TV review: Ted Lasso
On paper, this sports comedy series has all the ingredients for a lame cocktail of lazy tropes.
Also, outside of HBO, streaming services have really struggled with sitcoms.
So seeing Ted Lasso on the Apple TV+ menu, I braced myself and prepared to wince.
First warning sign was that it is based on the titular Jason Sudeikis character previously seen only in two NBC Sports' Premier League promos from seven years ago.
Then the premise is fraught with pitfalls – an American football coach is hired to lead a middling EPL team (you know, real football).
We could have seen a brash, dismissive unaware coach – much as the character began – with a tiresome list of fish out of water jokes, everyone English being either posh or Mr Bean and lazy jibes about the beautiful game.
Instead, Ted Lasso is one of the best new comedies this reviewer has seen – and incredibly uplifting too.
It is rare to see a sitcom launch so fully formed and packed with plot threads and ideas.
Even with the great sitcoms, it can take a whole season to settle, dynamics to form and for characters to "find themselves".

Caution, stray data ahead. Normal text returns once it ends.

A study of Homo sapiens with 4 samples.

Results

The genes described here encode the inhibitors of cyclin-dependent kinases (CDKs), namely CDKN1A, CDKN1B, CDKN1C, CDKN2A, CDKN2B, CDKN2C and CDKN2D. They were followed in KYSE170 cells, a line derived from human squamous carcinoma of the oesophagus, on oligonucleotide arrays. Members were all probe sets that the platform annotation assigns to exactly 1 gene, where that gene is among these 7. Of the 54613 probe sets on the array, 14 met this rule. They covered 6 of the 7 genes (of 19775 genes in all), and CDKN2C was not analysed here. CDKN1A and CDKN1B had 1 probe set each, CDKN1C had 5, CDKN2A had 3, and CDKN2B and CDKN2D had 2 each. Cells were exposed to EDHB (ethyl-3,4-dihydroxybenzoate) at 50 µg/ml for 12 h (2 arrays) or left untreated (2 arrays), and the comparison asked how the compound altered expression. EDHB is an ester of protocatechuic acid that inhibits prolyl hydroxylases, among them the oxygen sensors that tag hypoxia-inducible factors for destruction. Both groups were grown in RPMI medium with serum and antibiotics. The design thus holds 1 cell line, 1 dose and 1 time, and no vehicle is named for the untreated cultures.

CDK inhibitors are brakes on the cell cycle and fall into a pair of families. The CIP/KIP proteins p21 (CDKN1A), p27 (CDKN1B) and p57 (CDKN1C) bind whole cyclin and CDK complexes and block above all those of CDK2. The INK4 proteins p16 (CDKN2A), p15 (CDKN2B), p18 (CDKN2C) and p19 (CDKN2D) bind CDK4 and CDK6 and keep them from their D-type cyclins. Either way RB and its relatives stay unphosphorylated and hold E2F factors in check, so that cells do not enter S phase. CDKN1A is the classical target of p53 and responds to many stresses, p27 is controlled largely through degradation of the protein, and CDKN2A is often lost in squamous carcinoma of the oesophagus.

Here, everything is so definite and confidently delivered.
Sudeikis plays the proverbial displaced fish to a tee.
On the surface, he is a gentle assault of wholesome "aw shucks" apple-pie charm. Even his outright rejection of tea as "garbage water" comes off as polite.
At first, it is easy to assume he is not fully stocked in the brain department. But that is Lasso's secret weapon against endemic cynicism. Well, that and some mystery biscuits.
Sudeikis also gets to unleash some acting chops. Lasso's phone call with his wife adds a pang of heartache to the perma-happy coach.
Lasso is brought to the UK by Rebecca Welton (Hannah Waddingham) to manage the fictional AFC Richmond, in what appears to be a very naive move by the club's new owner. Except that she is freshly divorced from her unfaithful billionare husband and he loved the club, so she is out to destroy it.
And what could cause that to happen more quickly than a coach with little knowledge of the game and no respect from the press or the players – especially star player and very slappable toxic narcissist, Jamie Tartt (Phil Dunster).
Much like Lasso's charm gets into the minds of the players and public, you are quickly rooting for Lasso, his stoic No. 2 Coach Beard (Brendan Hunt, also a series co-creator) and his people skills.
Lasso's aproach to team building is an advert for positive thinking. Even a seemingly misguided effort in gift giving – as if footballers have any use for books – turns out to be well-targeted.
I foresee company retreats and self-improvement seminars built around the "Lasso Way".
For a debut series, Ted Lasso barely puts a foot wrong. The only downside is that there are not enough episodes.